Non-Hodgkin’s lymphoma is a type of cancer that requires aggressive treatments. Learn about the long-term side effects of these treatments.
Non-Hodgkin’s lymphoma (NHL) is a type of cancer that develops in the lymph system. Because the
This article will explore some of the possible side effects that you may experience after NHL treatment and what you can discuss with a healthcare team to treat these issues.
The main strategy for most cancer treatments is to use medications or therapies that destroy cancer cells.
Few of these treatments can tell the difference between cancer cells and healthy cells in the body. For this reason, many cancer treatments have side effects that are caused by the destruction of healthy cells and tissues.
Treatments for non-Hodgkin’s lymphoma (NHL) are no exception.
In addition to recovering from the initial treatments, there are side effects that could develop after your initial disease and recovery.
In some cases, cancer treatment can cause difficulties related to cellular damage many years after the treatment. It’s also possible to develop a recurrence of your original cancer. Recurrence may depend on the stage of NHL you experience.
Several therapies may be used to treat NHL. These therapies may include:
What does R-CHOP mean?
“R-CHOP” is an abbreviation for a combination of chemotherapy medications that are often used to treat NHL. Each medication in this group works a little differently, but they all have the same goal of destroying cancer cells or suppressing cancer activity.
The R-CHOP protocol includes:
- doxorubicin (antitumor antibiotic)
- rituximab (biologic/cytostatic monoclonal antibody)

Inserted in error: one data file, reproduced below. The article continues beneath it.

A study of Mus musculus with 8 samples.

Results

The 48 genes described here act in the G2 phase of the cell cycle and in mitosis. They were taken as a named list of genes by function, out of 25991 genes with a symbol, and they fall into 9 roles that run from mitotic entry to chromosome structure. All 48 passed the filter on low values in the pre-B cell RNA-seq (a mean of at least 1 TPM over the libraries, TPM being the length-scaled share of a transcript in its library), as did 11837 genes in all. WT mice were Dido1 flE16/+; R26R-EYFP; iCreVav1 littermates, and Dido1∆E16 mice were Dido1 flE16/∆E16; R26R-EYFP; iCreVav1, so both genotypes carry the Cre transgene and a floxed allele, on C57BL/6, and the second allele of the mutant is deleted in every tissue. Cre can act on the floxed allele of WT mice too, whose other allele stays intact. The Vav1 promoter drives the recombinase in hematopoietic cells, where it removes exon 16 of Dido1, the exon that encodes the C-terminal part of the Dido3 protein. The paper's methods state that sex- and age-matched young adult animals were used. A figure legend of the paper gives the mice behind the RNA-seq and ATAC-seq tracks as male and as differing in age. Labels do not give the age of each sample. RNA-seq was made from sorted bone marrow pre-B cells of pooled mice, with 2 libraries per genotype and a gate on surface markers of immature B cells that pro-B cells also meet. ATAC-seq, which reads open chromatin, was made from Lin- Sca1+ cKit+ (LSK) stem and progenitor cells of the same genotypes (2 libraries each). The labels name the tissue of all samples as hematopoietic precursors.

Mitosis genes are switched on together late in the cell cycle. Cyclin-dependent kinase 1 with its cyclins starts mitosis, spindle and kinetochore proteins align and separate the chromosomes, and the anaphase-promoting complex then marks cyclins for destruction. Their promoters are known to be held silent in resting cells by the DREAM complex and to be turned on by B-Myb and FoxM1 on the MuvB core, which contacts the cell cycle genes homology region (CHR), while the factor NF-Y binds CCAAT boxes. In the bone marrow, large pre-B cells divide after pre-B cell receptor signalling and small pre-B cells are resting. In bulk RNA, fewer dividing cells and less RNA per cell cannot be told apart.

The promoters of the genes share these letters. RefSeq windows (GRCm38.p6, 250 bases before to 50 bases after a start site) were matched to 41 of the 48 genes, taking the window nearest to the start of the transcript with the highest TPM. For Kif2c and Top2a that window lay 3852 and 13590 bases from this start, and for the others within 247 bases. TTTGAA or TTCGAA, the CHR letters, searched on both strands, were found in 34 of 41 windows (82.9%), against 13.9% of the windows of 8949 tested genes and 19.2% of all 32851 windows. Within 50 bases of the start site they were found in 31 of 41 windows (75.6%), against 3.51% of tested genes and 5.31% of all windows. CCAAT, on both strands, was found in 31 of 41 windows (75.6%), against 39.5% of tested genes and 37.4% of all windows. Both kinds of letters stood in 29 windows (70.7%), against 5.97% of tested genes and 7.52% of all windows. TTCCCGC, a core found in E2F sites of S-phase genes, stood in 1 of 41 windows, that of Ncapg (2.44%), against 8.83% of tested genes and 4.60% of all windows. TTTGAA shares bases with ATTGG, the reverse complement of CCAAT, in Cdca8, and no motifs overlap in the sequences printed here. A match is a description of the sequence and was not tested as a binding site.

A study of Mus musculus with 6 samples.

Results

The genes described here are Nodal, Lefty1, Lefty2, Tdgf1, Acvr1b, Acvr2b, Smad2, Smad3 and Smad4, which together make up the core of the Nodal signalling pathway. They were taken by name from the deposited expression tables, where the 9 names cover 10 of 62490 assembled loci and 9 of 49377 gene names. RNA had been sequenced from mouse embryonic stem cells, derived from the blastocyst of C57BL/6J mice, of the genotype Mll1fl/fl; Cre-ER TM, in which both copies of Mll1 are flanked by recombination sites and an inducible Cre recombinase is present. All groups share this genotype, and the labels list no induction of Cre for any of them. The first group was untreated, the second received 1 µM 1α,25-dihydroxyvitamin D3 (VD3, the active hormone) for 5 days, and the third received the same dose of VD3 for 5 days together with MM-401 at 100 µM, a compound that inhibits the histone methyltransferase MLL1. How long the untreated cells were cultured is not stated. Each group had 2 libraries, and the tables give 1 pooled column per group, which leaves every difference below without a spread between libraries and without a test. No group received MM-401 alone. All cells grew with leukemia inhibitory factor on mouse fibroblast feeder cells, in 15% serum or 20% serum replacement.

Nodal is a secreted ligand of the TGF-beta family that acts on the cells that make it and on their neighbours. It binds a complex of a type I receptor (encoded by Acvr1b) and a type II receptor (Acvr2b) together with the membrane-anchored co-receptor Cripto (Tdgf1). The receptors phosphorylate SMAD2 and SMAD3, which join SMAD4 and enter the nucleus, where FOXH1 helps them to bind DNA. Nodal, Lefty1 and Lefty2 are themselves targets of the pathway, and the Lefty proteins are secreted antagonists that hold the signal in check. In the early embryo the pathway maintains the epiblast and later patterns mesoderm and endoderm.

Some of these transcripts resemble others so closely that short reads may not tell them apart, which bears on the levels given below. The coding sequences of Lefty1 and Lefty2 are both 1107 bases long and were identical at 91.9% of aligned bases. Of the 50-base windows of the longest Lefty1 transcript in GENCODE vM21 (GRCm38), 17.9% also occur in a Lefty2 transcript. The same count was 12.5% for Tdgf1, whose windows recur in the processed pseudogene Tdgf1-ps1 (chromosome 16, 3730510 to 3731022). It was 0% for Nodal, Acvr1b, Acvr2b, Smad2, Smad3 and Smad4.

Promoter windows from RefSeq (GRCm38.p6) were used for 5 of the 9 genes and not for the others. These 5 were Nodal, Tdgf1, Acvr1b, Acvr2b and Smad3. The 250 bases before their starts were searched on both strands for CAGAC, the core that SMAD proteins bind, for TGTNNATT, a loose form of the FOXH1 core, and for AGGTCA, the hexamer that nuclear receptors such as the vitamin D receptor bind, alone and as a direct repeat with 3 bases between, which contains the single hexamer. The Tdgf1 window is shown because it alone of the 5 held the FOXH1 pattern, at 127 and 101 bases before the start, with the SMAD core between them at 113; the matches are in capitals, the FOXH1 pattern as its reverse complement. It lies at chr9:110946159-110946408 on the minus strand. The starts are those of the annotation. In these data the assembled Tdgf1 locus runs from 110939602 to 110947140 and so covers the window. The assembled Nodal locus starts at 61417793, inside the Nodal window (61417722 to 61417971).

- prednisone (corticosteroid)
- cyclophosphamide (alkylating agent)
- vincristine (plant alkaloid-antimetabolite)
Learn more about R-CHOP therapy.
Long-term side effects that appear right after treatment and can last for some time include conditions like fatigue, weakness, anemia, and reproductive changes.
Late effects are side effects that appear sometime after treatment and may be permanent. Examples of the
Aside from the long-term and late side effects, there are immediate but short-lived side effects that are common with NHL treatment. The effects can include conditions such as
These side effects usually resolve in the weeks to months after the treatment ends.
Going through chemotherapy treatment can be difficult, with immediate side effects like fatigue, nausea, weight loss, hair loss, and more.
A healthcare team may be able to offer treatments that reduce the burden of these side effects, such as medications for nausea, but many of these side effects will have to be tolerated until your cancer treatments end.
If you have side effects that don’t go away or new side effects that appear long after your chemotherapy treatment ends, talk with the healthcare team. These new or ongoing symptoms can be an indication of late effects of treatment, recurrence of your cancer, or the development of a new or secondary cancer.
Even after successful treatment, a healthcare team will make a plan to track your recovery and watch out for a recurrence or development of secondary cancers.
Because most recurrent lymphomas appear within 2 years of initial treatment, you may have different scans and tests scheduled to check your bloodwork and symptoms during this time.
In addition to blood samples for testing, you or a healthcare team may have to schedule tests such as CT or PET scans and physical examinations to look for any new cancer activity.
- weight loss
- abdominal swelling
- frequent infections
- easy bruising
- shortness of breath
- night sweats
NHL is a blood-based cancer that affects the lymph system and is commonly treated with a combination of chemotherapy medications and radiation. The outlook for people with NHL is good in many cases.
Treatments and medications used to address NHL work well but also come with side effects. Some of these side effects resolve after treatment, but others can appear much later — even years after recovery.
Even with successful treatment, survivors of NHL will continue to work with a healthcare team to manage the long-term effects of treatment and watch for any recurrence or secondary cancers.